Here Are the 22 Democrats Who Voted Against Limiting Transfer of Military Gear to Cops

Heavily armed and camouflaged police officers stand by their armored vehicle on November 4, 2016 in Wilmington, Ohio. (Photo: Chip Somodevilla via Getty Images)

Here Are the 22 Democrats Who Voted Against Limiting Transfer of Military Gear to Cops

"This is absolutely unacceptable and these Democrats... should be held accountable."

In a blow to demilitarization advocates, 22 House Democrats on Thursday joined nearly all of the chamber's Republicans in voting down an amendment that would have curtailed the flow of military weapons to police departments across the United States.

The amendment (pdf) to the 2022 National Defense Authorization Act (NDAA), introduced by Rep. Hank Johnson (D-Ga.), sought to reform the Defense Department's 1033 program, which has authorized the transfer of more than $1.5 billion worth of "excess" military equipment to local law enforcement agencies since 2013.

Johnson's amendment would have prohibited the Pentagon-to-police transfer of certain types of combat gear, including firearms, military vehicles, and aircraft. And as Stephen Semler of the Security Policy Reform Institute noted Thursday in Jacobin, prohibitions would have applied retroactively.

"This is a big deal," Semler wrote, before the measure was defeated. "Police have received nearly 70,000 firearms, over 5,000 military vehicles, and 358 aircraft through the 1033 program since its inception. Because these items are technically on loan to police, the Pentagon has the authority to recall this equipment. Johnson's language would effect such a recall on an unprecedented scale."

Just two Republicans voted for the amendment. The following 22 Democrats joined their GOP counterparts to strike it down:

  • Cindy Axne (Iowa)
  • Cheri Bustos (Ill.)
  • Charlie Crist (Fla.)
  • Henry Cuellar (Texas)
  • Antonio Delgado (N.Y.)
  • Val Demings (Fla.)
  • Lizzie Fletcher (Texas)
  • Jared Golden (Maine)
  • Josh Gottheimer (N.J.)
  • Josh Harder (Calif.)
  • Jim Himes (Conn.)
  • Ron Kind (Wis.)
  • Conor Lamb (Pa.)
  • Susie Lee (Nev.)
  • Stephanie Murphy (Fla.)
  • Chris Pappas (N.H.)
  • Scott Peters (Calif.)
  • Kurt Schrader (Ore.)
  • Kim Schrier (Wash.)
  • Eric Swalwell (Calif.)
  • Filemon Vela (Texas)
  • Susan Wild (Pa.)

"This is absolutely unacceptable," Yasmine Taeb, a human rights attorney and member of a coalition aiming to end the 1033 program, toldHuffPost.

"These Democrats that supported this provision twice in the George Floyd Justice in Policing bill should be held accountable for siding with police unions today rather than their own constituents who are calling to get weapons of war and military equipment off of our streets," she added.


The day before the vote, the National Fraternal Order of Police sent a letter to House leaders from both parties urging them to vote against Johnson's amendment, falsely claiming the equipment sent to police is "demilitarized" and that there are no examples of the equipment being misused.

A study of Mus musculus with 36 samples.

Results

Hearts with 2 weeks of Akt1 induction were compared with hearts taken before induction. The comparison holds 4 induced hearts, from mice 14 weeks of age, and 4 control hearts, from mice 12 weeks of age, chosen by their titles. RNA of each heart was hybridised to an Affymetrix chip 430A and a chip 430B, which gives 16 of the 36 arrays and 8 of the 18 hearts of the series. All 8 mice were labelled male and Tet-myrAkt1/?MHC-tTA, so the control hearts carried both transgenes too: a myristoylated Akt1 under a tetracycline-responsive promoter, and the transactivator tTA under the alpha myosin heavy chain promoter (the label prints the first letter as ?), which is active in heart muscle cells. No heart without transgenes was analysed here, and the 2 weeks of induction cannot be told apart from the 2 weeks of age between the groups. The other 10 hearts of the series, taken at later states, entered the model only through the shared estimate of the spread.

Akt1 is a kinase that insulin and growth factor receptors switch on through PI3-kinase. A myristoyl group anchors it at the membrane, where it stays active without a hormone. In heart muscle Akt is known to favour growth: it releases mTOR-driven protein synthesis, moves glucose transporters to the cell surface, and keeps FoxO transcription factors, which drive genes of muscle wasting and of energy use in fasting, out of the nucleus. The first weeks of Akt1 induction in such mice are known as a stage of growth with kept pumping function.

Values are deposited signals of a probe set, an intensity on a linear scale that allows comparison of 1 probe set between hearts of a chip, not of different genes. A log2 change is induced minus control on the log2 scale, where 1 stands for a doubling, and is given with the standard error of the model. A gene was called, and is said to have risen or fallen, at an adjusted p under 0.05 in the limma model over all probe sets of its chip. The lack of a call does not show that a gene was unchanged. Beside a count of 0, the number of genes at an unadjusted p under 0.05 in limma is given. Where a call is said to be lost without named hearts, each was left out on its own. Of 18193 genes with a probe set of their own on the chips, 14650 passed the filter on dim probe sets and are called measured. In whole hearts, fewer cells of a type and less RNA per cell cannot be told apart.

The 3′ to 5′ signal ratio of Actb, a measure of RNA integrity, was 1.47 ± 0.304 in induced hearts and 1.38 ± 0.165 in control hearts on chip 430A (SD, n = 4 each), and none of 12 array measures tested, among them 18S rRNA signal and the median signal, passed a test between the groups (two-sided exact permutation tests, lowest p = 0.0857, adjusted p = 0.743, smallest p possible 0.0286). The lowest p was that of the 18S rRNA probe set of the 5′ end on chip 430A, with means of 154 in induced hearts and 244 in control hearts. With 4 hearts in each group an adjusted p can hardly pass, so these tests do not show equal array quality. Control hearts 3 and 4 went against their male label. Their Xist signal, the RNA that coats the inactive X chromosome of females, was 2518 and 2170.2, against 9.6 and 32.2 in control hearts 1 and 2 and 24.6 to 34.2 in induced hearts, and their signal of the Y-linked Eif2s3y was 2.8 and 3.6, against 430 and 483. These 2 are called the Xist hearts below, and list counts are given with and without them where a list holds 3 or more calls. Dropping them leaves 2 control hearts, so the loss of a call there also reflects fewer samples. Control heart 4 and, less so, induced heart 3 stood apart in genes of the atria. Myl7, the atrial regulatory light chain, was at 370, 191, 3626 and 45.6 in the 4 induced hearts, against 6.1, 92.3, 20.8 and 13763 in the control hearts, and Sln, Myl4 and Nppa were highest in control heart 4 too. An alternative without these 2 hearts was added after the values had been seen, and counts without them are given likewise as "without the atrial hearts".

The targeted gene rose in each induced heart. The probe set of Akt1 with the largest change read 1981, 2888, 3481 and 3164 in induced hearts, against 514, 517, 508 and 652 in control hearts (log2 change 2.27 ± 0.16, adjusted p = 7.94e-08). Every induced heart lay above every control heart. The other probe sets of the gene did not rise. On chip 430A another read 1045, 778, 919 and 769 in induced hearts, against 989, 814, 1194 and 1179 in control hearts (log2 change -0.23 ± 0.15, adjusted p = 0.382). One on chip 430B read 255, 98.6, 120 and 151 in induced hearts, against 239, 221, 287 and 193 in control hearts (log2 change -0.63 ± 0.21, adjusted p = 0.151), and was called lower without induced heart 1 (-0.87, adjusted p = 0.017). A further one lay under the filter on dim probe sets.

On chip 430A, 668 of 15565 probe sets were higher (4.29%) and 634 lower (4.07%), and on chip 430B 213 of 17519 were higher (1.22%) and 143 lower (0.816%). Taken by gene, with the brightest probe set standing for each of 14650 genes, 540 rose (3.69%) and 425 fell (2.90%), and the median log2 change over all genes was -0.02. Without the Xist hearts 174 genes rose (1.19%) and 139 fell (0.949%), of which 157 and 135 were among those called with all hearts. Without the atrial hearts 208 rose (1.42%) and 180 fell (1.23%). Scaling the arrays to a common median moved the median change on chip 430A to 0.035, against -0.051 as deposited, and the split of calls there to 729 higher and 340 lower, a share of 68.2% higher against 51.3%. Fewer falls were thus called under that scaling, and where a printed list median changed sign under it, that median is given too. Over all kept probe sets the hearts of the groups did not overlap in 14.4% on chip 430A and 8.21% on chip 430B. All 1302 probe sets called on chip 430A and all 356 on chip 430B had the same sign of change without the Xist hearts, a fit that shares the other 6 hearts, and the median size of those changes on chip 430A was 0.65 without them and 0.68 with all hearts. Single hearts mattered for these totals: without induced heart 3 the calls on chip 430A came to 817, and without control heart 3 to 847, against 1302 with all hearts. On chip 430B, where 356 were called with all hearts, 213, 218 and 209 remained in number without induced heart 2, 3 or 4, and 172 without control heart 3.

The language in Johnson's amendment had already cleared the House as part of the George Floyd Justice in Policing Act, a police accountability bill that died in the Senate earlier this week after bipartisan negotiations collapsed.

This week revealed a sharp contrast between congressional lawmakers' refusal to implement even modest reforms to curb police brutality--more than a year after a nationwide wave of protests--and their willingness to approve ever-larger amounts of military spending despite the withdrawal of U.S. troops from Afghanistan.

After Johnson's amendment to restrict 1033 transfers and a pair of other NDAA amendments to cut the Pentagon's funding by tens of billions of dollars failed Thursday, the House voted 316 to 113 to pass a $778 billion military budget.

Earlier this week, Rep. Ayanna Pressley (D-Mass.) highlighted the connections between the Pentagon's massive budget, surplus weaponry, and widespread police violence in the U.S.

"With police departments nationwide set to receive a massive influx of military equipment under the 1033 program following the Afghanistan war," Pressley toldThe Intercept, "Congress must take decisive action before further lives are lost and more trauma is inflicted on our communities."

According to Semler: "Pressley's concern is backed by historical precedent. The drawdown of U.S. troops from Iraq led to a surge of 1033 transfers at home, particularly of the notorious Mine-Resistant Ambush Protected vehicles (MRAPs) which were sent to Iraq by the thousands during the course of the U.S. occupation of the country."

"The 1033 program exacerbates existing trends in U.S. policing," Semler noted. "Unsurprisingly, police become more violent the more combat gear they receive. It also inflates law enforcement budgets: the equipment is ostensibly free, but the costs of shipping, training, operations, and maintenance are passed along to state and local governments."

Polls show that a majority of voters want to end the 1033 program. A 2020 survey conducted by Data for Progress found that 62% of Democrats and 47% of Republicans support making it illegal for the federal government to provide civilian police departments with military-grade weapons intended for warfare.

While Congress failed to rein in 1033 on Thursday, President Joe Biden still has the power to issue an executive order that would effectively halt the program and require police to return billions of dollars worth of military equipment to the Pentagon--as more than 50 progressive advocacy groups and dozens of House Democrats, led by Johnson, urged him to do in April.

If the White House refuses to place a moratorium on the 1033 program following the rejection of Johnson's amendment, Semler wrote, "the Biden administration will be as guilty as the members who cast the opposing votes."